ANNADALE—Compagnie fetes galantes opened the 9th annual Bard SummerScape last weekend with an hour-long dance titled “Let My Joy Remain.”
“Fete galante,” according to the National Gallery, is a French term that describes a type of 18th-century painting that shows groups of elegantly dressed men and women, often in a park-like setting, engaged in “decorously amorous play.”
The handsome young company of 11 dancers, in the park-like setting of Bard College, began their piece in the sort of dancer’s frock coat and buckled shoes associated with the 18th century. They danced to J.S. Bach (1685-1750), beginning with a gorgeous duo cantata, and moving on to the second, third and sixth Brandenburg Concertos.
If this opener is any example, this year’s SummerScape will offer programs that are limber and joyous. The festival will honor history—Compagnie fetes galantes draws its inspiration from Baroque dance—and celebrate the contemporary—by the end of the piece the dancers had thrown off their frock coats and were leaping and running around in tank tops. The festival will imbue audience members with its energy, leaving them smiling, making eye contact with one another as they depart, talking about the performance.
SummerScape makes a French connection this year as the Bard Music Festival (August 10-12 and 17-19) takes as its subject Camille Saint-Saens (1835-1921) and his world.
Opening Friday, July 13, and running for 10 performances through July 22, is Moliere’s “The Imaginary Invalid,” in which the French satirist takes on the medical profession. SummerScape’s all-male production features Peter Dinkelage, whom moviegoers may remember from “The Station Master,” and others, more current, know from HBO’s “The Game of Thrones.”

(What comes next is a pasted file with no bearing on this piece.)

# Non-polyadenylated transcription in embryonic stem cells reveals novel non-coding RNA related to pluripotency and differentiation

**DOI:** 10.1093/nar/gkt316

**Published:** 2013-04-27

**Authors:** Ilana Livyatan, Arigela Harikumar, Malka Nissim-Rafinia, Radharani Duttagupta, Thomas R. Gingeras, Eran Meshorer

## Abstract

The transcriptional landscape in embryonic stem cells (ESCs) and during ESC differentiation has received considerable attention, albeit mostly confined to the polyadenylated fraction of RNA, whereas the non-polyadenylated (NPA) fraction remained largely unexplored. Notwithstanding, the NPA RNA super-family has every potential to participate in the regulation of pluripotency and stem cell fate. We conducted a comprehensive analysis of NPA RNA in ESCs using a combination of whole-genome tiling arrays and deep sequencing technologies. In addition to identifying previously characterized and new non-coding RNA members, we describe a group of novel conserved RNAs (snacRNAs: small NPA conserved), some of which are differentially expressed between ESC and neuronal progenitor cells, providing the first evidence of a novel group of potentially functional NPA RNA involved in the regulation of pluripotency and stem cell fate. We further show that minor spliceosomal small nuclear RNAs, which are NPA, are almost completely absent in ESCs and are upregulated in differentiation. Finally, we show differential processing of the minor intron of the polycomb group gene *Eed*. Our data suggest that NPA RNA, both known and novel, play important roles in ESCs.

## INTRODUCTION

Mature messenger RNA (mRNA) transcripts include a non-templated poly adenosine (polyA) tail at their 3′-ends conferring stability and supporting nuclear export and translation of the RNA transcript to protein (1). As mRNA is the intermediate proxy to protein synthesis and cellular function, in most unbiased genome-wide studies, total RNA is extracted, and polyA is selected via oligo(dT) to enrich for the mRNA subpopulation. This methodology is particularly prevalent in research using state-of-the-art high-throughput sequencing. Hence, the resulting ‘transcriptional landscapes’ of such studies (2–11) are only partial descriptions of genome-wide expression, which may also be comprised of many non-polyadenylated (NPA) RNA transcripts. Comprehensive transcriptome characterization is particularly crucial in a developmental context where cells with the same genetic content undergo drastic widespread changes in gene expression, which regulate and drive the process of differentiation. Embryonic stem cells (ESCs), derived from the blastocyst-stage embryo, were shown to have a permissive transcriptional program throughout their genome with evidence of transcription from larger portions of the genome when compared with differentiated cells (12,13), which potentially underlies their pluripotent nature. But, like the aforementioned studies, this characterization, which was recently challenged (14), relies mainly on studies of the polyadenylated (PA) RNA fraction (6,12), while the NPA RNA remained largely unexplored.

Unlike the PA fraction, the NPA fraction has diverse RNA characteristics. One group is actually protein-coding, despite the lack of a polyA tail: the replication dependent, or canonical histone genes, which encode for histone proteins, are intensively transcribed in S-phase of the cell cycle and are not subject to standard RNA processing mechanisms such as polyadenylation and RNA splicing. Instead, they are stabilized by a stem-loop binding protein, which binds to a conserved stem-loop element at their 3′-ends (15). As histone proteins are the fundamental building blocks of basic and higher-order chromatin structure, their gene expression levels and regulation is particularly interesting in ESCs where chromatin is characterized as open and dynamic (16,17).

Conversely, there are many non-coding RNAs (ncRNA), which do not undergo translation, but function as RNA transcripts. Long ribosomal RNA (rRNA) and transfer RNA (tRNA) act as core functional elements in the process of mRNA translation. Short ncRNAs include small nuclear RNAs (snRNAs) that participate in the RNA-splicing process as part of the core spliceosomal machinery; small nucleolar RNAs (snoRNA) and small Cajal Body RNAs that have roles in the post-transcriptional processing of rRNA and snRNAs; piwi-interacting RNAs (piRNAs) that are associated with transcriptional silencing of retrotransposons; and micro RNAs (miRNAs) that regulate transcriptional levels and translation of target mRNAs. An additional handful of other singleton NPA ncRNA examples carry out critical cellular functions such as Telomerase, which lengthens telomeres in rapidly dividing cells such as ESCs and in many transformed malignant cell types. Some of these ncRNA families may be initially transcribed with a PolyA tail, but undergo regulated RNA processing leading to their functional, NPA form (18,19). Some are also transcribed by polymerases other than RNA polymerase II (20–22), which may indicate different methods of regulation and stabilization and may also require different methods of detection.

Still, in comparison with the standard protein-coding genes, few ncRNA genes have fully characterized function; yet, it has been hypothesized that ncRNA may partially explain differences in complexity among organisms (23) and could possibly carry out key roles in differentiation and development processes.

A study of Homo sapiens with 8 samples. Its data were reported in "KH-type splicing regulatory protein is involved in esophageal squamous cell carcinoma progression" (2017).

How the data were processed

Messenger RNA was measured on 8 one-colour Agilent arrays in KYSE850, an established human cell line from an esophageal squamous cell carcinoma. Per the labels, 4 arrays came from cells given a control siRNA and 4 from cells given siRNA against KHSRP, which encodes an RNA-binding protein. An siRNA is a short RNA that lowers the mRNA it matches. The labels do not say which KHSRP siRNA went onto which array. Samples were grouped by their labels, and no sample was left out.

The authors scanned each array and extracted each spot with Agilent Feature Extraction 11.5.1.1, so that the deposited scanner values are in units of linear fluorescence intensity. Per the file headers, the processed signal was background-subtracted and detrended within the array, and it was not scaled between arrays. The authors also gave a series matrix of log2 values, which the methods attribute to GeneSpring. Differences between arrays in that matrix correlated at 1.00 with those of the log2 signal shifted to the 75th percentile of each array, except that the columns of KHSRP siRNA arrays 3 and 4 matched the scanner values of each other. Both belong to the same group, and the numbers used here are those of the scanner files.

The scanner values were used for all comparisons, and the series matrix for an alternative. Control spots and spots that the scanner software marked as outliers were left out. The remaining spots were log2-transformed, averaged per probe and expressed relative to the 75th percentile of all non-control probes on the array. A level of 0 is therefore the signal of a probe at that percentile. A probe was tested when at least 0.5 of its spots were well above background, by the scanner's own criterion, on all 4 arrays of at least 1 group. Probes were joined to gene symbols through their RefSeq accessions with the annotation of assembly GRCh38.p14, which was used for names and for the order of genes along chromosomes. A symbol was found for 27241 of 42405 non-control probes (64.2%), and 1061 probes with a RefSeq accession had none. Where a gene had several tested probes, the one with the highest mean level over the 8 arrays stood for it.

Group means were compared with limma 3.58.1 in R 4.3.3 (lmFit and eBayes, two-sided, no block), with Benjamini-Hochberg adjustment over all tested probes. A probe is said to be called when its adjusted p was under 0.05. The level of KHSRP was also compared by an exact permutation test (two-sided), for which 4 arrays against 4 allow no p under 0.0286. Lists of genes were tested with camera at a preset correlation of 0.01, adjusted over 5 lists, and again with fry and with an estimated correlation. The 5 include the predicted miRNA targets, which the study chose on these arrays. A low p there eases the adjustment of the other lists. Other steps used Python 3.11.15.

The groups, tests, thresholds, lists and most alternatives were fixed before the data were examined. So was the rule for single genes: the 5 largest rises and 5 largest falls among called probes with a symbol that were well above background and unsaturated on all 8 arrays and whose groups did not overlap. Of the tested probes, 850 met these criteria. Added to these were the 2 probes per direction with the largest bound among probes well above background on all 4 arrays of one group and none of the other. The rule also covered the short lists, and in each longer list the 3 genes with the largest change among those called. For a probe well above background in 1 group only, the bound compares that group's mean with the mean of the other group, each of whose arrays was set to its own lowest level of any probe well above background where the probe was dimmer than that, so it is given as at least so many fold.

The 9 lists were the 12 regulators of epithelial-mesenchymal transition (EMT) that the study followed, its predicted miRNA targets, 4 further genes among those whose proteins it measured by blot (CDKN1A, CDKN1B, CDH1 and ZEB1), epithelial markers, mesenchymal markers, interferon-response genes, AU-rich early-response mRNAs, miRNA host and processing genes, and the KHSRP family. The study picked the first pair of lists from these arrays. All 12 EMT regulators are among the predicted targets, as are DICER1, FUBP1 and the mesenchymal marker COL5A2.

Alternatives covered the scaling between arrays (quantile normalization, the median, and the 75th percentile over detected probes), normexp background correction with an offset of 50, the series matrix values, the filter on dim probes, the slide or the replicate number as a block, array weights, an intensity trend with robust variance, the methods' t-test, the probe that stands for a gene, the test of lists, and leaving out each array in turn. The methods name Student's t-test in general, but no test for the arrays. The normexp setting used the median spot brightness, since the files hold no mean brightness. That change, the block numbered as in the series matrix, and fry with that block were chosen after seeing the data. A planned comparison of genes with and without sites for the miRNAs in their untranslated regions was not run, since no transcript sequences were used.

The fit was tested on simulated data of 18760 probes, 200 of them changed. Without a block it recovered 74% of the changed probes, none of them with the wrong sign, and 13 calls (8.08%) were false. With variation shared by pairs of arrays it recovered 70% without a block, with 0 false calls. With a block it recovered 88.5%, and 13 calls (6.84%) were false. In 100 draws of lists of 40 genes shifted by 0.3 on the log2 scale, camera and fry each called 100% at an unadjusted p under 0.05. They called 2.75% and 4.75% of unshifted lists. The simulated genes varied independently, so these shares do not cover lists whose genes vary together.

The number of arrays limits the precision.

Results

This year’s SummerScape opera is comic: Emmanuel Chabrier’s “The King in Spite of Himself,” in which a 16th-century French noble is chosen as king of Poland. He finds he doesn’t even like Poland and tries to eschew the crown, but, it’s complicated. The opera opens July 27 and runs for four additional performances, through August 5.
France and the Colonial Imagination is the theme of this year’s SummerScape Film Festival, which begins July 12 with “Morocco” (Marlene Dietrich is torn between Adolphe Menjou and Gary Cooper) and runs Thursdays and Sundays through August 12, ending with Cache (directed by Michael Haneke, with Juliet Binoche). Screened in between those dates are movies perhaps less well known (“Muriel,” “Xala”) and classic (“The Battle of Algiers,” “Casablanca”).
The mirrored SpiegelTent is up again, just across the campus road from the Fisher Center. You can go there several afternoons with the whole family and dine there. Those 21 and up can come in the evenings for cabaret, and late into the night, for SpiegelClub, Fridays and Saturdays through August 18. This year’s Thursday Night Live, July 12 through August 16, focuses on dance—tango, salsa, swing and more.
The Bard Music Festival presents concerts—chamber and orchestra—panel discussions and preconcert talks that center on Saint-Saens and his contemporaries. The composer lived a long and influential life, so there’s a lot to draw upon. “Paris and the Culture of Cosmopolitanism” is the theme of Weekend One, August 10-12, and “Confronting Modernism” is the focus on Weekend Two, August 17-19.